A few months ago, Warren Buffett got a rise out of the financial media and delivered some serious Investing 101 material by outlying his plans for the financial care of his wife after his passing.
So, what did he suggest? All-in on Berkshire Hathaway (BRK.B)? Hardly. Diversified portfolio of some of his favorite holdings? Nope.
Index, baby, index!
From the Oracle himself:
“My advice to the trustee could not be more simple: Put 10% of the cash in short-term government bonds and 90% in a very low-cost S&P 500 index fund. (I suggest Vanguard’s.) I believe the trust’s long-term results from this policy will be superior to those attained by most investors — whether pension funds, institutions or individuals — who employ high-fee managers.”
The biggest takeaway, of course, was that one of the world’s greatest investors just gave one of the loudest-ringing endorsements possible for simple index funds. Everyone covered that news ad nauseam (guilty), and well they should have — there are few better pieces of advice for newbie investors than to hunker into diversified, cheap funds.
But investors paying attention to the details got another wise piece of investing advice in Buffett’s parenthetical: “I suggest Vanguard’s.”
Of course Warren Buffett suggested the big kahuna of Vanguard index funds. The man loves himself a deal.
Whether Buffett meant the Vanguard S&P 500 ETF (VOO) or the mutual funds (VFINX) is up for debate. But what isn’t up for debate is that Vanguard is one of the fund world’s leading providers of diversification on the cheap.
And cheap, while not everything, is important — especially if you don’t have much to invest with.
Why Vanguard Funds’ Low Cost Matters
Funds — whether mutual or exchange-traded — charge certain fees to keep the lights on, pay advisers, tackle building rent, you name it. Everyone does it, even Vanguard.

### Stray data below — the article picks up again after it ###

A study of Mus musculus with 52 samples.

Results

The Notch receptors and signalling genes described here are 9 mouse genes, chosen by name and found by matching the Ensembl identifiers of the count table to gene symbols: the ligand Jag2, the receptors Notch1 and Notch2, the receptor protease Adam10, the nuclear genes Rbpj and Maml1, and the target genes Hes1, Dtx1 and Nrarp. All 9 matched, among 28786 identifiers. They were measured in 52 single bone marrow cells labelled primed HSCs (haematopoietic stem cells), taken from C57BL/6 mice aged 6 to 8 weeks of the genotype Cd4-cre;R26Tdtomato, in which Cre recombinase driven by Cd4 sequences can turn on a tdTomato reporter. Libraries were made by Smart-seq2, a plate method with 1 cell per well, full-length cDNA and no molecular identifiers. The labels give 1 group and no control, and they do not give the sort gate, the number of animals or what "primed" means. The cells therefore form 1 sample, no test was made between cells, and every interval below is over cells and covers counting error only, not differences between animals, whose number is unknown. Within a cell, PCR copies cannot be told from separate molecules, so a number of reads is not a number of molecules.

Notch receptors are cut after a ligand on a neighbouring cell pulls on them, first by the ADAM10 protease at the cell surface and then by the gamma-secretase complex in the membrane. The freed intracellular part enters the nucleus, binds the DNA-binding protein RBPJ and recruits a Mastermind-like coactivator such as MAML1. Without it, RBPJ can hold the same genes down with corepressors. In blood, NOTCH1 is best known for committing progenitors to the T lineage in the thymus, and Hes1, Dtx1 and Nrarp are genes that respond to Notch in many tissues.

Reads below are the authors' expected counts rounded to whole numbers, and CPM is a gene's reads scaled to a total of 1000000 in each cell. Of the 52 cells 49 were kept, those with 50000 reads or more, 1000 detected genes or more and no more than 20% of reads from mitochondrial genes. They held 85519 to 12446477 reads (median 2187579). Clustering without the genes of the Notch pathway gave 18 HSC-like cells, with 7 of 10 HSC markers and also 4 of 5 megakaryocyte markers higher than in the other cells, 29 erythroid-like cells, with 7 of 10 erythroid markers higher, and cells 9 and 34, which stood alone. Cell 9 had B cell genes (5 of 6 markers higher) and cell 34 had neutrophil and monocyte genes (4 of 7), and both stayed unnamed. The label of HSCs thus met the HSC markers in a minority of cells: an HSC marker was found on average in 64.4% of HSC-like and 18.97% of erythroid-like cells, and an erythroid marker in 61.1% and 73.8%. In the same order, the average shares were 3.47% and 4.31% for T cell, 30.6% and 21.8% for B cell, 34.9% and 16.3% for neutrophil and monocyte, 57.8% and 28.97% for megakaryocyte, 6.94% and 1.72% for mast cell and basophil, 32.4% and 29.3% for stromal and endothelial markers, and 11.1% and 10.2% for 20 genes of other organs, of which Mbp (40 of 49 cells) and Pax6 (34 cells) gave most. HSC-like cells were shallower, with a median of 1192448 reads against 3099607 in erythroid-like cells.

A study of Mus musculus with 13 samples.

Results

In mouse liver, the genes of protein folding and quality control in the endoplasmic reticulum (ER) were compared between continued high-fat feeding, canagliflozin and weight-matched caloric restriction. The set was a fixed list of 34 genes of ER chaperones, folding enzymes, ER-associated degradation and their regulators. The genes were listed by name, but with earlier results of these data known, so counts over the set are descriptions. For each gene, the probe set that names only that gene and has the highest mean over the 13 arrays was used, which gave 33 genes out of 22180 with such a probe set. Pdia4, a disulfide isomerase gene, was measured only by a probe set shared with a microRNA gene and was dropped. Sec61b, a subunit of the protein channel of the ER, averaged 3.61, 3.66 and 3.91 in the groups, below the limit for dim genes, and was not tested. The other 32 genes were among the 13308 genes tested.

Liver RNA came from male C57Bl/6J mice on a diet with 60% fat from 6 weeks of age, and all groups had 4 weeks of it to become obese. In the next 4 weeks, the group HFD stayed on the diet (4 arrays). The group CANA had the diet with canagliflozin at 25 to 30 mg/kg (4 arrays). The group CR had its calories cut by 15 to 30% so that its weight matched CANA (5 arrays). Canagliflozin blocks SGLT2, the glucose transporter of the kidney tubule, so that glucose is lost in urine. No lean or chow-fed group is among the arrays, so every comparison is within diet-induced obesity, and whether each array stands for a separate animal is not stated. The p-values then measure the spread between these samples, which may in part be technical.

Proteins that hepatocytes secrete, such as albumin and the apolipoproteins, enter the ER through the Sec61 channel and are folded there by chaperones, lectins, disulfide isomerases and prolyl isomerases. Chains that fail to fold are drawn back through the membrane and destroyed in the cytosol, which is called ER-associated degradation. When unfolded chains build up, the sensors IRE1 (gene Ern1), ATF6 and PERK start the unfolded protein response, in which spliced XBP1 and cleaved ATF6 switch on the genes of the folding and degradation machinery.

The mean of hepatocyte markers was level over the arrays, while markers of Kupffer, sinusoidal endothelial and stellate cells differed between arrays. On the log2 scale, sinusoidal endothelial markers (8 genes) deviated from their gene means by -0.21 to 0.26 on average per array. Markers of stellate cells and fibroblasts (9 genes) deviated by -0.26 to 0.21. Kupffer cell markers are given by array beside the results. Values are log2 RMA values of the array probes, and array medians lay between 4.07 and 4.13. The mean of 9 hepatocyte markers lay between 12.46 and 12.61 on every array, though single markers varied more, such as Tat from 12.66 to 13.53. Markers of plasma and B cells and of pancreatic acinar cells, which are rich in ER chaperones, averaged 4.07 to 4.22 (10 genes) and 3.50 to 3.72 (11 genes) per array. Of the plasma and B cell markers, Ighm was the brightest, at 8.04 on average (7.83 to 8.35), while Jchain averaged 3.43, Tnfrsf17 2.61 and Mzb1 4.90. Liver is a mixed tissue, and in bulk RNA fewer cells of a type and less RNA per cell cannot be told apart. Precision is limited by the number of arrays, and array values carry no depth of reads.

But Vanguard has an unorthodox structure in that the company technically is owned by the very funds it offers, and so by proxy, it’s owned by anyone and everyone who owns any of those funds. And thus, the company has a pretty obvious motivation to keep Vanguard funds so cheap: It keeps the owners happy!
That’s because those fees do add up.
Let’s say you have $10,000 to invest and you throw it all into a fund that charges 1% in expenses. That means for every $10,000 you invest, $100 of it isn’t going toward your investment — it’s going toward paying the fund company. If you could only pay $50 for every $10,000 and get virtually the same result, you’d want to, right?
Sure. And it’d be nice just to have the extra $50 on its own. But if you’re investing for the long haul, $50 can end up being a lot more than $50. Let’s say you average 7% returns annually. Over a period of 40 years, that one $50 saved in $10,000 invested adds up to almost $750.
Now let’s say you add $5,000 to your investment every year? The difference in fees between those two funds adds up to more than $6,000.
Will six grand be the difference between a happy retirement and a miserable one? Of course not — but piling up lots of small victories like that along the way will be the difference.
One thing to keep in mind is that Vanguard funds don’t always offer the lowest fees for what you’re looking for. Sometimes it’ll be two of the other “big three” providers — BlackRock’s (BLK) iShares, sometimes it’ll be State Street’s (STT) SPDRs. And sometimes it’ll even be Charles Schwab (SCHW), who has a laundry list of uber-cheap ETFs but doesn’t necessarily get the publicity that it deserves for that.
But Vanguard funds haven’t gotten their reputation for nothing, and Warren Buffett, of all people, knows that every basis point can add up.
That’s why the Oracle gave Vanguard funds the nod.